The UK Government has moved to break the deadlock over its farming ‘power grab’ by offering to send all EU powers directly to the devolved regions after Brexit.
Scotland and Wales had previously threatened to derail the EU Withdrawal Bill, which copies and pastes EU law into British law, because it contained a clause which would prevent them from passing rules in areas which were previously the EU’s responsibility, such as agriculture – effectively keeping those powers in Westminster.
The Government was heavily criticised for failing to amend the clause while the Bill was being scrutinised by MPs in the House of Commons, but it has now shared some proposed changes with the devolved regions which will be put forward as the legislation passes through the House of Lords.
Under the plans, all devolved EU powers will be transferred directly from Brussels to Edinburgh, Cardiff and Belfast, but it is thought the devolved Governments will be forced to ‘freeze’ policy making in some key areas, including farming and the environment, until UK frameworks can be agreed.
The proposals will be discussed at a meeting of the Joint Ministerial Committee (JMC), which deals with devolution matters, today.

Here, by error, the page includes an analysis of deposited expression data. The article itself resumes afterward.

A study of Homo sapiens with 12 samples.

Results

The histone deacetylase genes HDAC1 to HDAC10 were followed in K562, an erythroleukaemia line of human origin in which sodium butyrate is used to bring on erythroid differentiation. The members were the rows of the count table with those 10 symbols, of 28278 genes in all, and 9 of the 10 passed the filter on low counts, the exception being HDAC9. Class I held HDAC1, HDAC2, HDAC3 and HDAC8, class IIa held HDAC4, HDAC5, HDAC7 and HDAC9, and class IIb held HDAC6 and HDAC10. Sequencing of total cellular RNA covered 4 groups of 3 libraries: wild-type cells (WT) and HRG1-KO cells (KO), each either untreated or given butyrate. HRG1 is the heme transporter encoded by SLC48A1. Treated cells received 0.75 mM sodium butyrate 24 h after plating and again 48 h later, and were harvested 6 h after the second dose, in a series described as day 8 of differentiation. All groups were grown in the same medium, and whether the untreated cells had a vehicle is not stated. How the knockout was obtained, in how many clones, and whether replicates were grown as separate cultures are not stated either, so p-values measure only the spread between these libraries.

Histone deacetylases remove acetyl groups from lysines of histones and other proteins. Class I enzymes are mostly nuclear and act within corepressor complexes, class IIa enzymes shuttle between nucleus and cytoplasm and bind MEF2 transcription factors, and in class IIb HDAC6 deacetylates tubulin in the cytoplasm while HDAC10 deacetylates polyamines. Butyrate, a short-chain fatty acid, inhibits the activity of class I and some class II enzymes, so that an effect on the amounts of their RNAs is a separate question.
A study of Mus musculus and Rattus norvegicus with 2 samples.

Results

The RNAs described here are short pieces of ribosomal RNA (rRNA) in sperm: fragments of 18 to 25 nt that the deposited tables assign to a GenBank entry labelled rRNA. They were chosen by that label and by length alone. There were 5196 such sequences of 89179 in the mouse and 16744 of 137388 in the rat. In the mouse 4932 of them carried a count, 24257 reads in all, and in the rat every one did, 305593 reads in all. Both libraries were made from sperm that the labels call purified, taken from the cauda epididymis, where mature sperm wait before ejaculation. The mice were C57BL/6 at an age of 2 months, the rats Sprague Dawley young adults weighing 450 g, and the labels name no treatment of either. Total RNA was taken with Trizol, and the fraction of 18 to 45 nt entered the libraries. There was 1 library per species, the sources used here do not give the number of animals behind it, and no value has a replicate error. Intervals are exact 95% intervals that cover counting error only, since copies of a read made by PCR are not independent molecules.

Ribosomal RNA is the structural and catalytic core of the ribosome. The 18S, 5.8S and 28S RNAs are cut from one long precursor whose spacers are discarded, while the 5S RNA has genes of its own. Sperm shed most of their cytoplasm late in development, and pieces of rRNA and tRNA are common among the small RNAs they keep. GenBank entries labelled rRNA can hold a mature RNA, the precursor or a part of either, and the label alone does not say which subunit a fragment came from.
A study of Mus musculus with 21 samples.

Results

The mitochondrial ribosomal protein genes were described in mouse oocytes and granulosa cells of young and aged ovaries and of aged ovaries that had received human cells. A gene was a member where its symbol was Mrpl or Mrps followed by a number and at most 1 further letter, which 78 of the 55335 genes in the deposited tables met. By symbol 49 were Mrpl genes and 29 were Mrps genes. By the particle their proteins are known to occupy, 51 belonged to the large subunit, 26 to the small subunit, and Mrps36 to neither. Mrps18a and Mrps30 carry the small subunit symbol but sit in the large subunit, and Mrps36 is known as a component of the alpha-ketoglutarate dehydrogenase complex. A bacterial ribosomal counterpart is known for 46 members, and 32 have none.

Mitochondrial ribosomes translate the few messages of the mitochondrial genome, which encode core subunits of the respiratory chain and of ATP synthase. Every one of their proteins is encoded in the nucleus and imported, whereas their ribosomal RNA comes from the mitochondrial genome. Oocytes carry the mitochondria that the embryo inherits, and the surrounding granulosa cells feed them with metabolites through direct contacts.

Chair of the JMC and de-facto Deputy Prime Minister David Lidington said: “The proposal we have put on the table is a considerable offer which I hope the devolved administrations will engage with constructively.
“We have worked closely with the devolved administrations to find a way forward which respects the role of the devolved Governments and ensures we are able to protect our vital UK internal market, worth around four times as much to Scotland as the EU’s.
“All sides agree certain areas will require common frameworks – and it is therefore imperative we do not make life more difficult for businesses and families across the UK as we manage the process of bringing new powers back from the EU.
“We have demonstrated a willingness to listen and adapt our approach in order to find an agreed way forward, and we encourage others to do likewise so we can make good progress.”
But Michael Russell, Scottish Brexit Minister, told Farmers Guardian: “The reality is the UK Government continues to insist on taking control of major devolved policy areas covering agriculture, fishing and the environment without the agreement of the Scottish Parliament.
“That is completely unacceptable. We are not opposed to UK-wide frameworks where these are in Scotland’s interests, but Brexit cannot be used to undermine the devolution settlement in this fundamental way.”
The Welsh Government was more positive, with a spokesman saying: “While there is no agreement as yet, all three Governments share the objective of finding amendments which would enable the National Assembly and the Scottish Parliament to give legislative consent to the Bill.
“We are hopeful agreement can be reached and will be working hard to this end over the coming weeks.”
The news came shortly after the Scottish Government said it had been unable to make progress on the development of a post-Brexit agriculture policy because of uncertainty around where powers would lie and what funding would be available.